It is said that it’s the most wonderful time of the year-but, it can also be the most wasteful. Perhaps because it’s the most hectic, we can sometimes choose shortcuts that are not so eco-friendly.
While some people are earth-aware and have changed their life styles accordingly, everyone can make a difference with a few minor changes in their holiday preparation plans.
Here are a few ideas to consider:
Is there anyone who hasn’t wrapped a gift in brightly colored, metallic wrapping paper only hours (minutes?) before the recipient received it? Then, minutes later watched it as torn apart, crumpled up and tossed away? Because of the metal used in making these, metallic paper can last years in a landfill.
Why not wrap gifts in brown craft paper this year? This versatile, all occasion paper is great for creating elegant, nature inspired presentations. Do you have young children? Let them color holiday pictures on the gifts to “help” with the wrapping.
A 1000 foot roll of this all occasion paper costs about $60 and will last for years to come. By using a jute ribbon, you don’t have to use tape. You can also forgo the gift tag by writing the name directly onto the paper. Make sure to save this year’s received Christmas cards. They can be easily converted into gift tags for next year simply by cutting the second panel off.
Bonus: The jute, paper and pine cone can be used as a fireplace starter.
If you are the recipient of a large commercially wrapped gift, you can save the paper to use for smaller gifts next season. Of course, ribbons and bows are easy to save and reuse. While opening gifts, set up a recycling box in place of plastic trash bags.
The Re-Gift Exchange
Some families have adopted a re-gift Pollyanna party. In this “One Man’s Trash” game, guests can bring Christmas gifts that they can’t really use; or they dig items out from the attic that just need a new home. Either way, everyone brings a wrapped gift along to the party. All gifts are placed in a pile on the table or on the floor. Numbers (one for each guest) are written on small pieces of folded paper and put into a box or bag. Guests take turns pulling numbers. The guest who drew number “1 ” on the paper selects a gift, opens the gift for everyone to see, and places the item in front of them. The next person who has number “2” may take a gift from the pile,ortake the gift from number “1”. Each person will follow through in numerical order allowing higher numbers the advantage of stealing. When a person has their gift “stolen” they then draw a new gift from the pile.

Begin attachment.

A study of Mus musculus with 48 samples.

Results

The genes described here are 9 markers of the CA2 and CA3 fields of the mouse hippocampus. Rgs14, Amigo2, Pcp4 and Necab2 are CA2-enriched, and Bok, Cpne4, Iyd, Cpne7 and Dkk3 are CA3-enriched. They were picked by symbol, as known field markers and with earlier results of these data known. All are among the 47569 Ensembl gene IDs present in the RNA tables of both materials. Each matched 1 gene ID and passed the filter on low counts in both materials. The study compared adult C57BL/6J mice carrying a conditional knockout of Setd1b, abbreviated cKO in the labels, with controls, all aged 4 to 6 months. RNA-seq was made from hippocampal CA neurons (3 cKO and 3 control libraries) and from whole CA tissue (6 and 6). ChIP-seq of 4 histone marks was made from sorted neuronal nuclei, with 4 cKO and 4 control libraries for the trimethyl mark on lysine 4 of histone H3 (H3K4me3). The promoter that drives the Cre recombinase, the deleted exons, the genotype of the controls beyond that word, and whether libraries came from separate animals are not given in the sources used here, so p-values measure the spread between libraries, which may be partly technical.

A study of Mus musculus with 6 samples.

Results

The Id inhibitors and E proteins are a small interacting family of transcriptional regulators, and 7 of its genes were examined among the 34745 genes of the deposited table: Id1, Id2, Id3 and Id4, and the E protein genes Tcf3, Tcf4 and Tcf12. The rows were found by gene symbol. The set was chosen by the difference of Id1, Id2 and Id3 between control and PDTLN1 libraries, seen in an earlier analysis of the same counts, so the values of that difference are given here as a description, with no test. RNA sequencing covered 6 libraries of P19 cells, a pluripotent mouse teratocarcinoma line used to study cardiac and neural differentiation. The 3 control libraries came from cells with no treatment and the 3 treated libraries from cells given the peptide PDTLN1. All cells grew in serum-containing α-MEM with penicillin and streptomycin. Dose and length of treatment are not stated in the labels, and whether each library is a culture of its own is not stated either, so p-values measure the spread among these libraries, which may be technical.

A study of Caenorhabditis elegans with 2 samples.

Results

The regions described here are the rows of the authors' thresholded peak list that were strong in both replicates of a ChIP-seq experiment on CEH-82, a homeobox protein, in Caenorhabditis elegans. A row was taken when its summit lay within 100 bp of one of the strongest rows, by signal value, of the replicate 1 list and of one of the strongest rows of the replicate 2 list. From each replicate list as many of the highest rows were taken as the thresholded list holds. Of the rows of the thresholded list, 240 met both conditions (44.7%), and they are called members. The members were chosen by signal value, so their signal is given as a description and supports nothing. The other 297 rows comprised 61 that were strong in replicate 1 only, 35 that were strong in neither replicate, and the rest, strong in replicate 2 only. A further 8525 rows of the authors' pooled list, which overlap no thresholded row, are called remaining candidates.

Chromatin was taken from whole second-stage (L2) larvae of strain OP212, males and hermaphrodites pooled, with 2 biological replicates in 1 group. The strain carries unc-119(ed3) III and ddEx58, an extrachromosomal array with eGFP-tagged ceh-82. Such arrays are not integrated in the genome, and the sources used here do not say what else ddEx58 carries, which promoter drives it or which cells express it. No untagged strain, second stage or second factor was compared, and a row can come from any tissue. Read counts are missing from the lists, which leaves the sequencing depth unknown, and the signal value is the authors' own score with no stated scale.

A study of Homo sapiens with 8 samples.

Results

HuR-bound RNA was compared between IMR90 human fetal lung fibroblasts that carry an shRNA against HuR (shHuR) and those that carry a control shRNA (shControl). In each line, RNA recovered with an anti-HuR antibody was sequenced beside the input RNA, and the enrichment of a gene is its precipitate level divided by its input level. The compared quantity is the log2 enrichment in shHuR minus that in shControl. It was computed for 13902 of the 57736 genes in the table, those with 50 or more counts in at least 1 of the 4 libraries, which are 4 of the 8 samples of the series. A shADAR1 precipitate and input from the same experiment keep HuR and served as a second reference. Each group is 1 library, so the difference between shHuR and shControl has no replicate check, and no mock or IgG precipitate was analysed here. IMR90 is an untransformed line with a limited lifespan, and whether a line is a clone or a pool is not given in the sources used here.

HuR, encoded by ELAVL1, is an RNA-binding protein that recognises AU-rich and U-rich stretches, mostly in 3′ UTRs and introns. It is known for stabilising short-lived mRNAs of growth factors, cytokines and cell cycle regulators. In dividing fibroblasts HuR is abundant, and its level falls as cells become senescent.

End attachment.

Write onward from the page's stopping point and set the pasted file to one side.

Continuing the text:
Real Tree vs. Artificial
At first glance, it may appear that an artificial Christmas tree would be the more eco-friendly option, as they can be used year after year. However, these plastic trees are made of petroleum products (PVC), and use up resources in both the manufacturing and shipping; sometimes all the way from China.
While they theoretically last forever, research shows that they are commonly thrown out and replaced because repeated use makes them less attractive. They are then sent to landfills where their plastic content makes them last forever.
On the other hand, look for tree farms that have live trees and stewardship programs in place. This means that the harvesting is controlled and the trees are replanted regularly. Additionally, growing trees contribute to air quality and almost ninety percent of Christmas trees are recycled into mulch.
Get the family together to make pomander ball decorations. These eco-friendly decorations look and smell wonderful on any table-scape.
Here’s what you will need:
- Firm oranges or other citrus fruit
- Cloves (buy in bulk at a health food store)
- ¼ cup Orris root powder (as a preservative)
- 1 teaspoon each of – cinnamon, cloves, ginger, nutmeg, allspice or (or 5 teaspoons of Chinese 5 Spice powder)
- Straight pins and a ribbon if you’d like to hang it
Start by poking holes in your fruit in a decorative pattern. A skewer or chopstick works really well for this. This gets a little messy, so be sure to have a towel beneath your project . Once you are done making your holes, dry your fruit off and put a whole clove into each hole. Then, roll the clove studded fruit in the spice mixture, covering it completely. Place it in a brown paper bag and let it rest (dry out) for a couple of weeks. Depending on the humidity level, it could take anywhere from 2 – 6 weeks. The
process can be sped up by placing the fruit in an unlit (pilot light only) oven for a few hours. Be sure to check it periodically for signs of mold (if found, discard) and to roll it through the spices.
Once your pomander is dried out you can add ribbons for hanging. If kept in the right conditions, these can last for years. If not, it can go into the compost bin.
Even if you adopt just one eco-friendly Christmas idea you can help cut back on the holiday’s heavy footprint. What ideas do have to make the holiday more eco-friendly?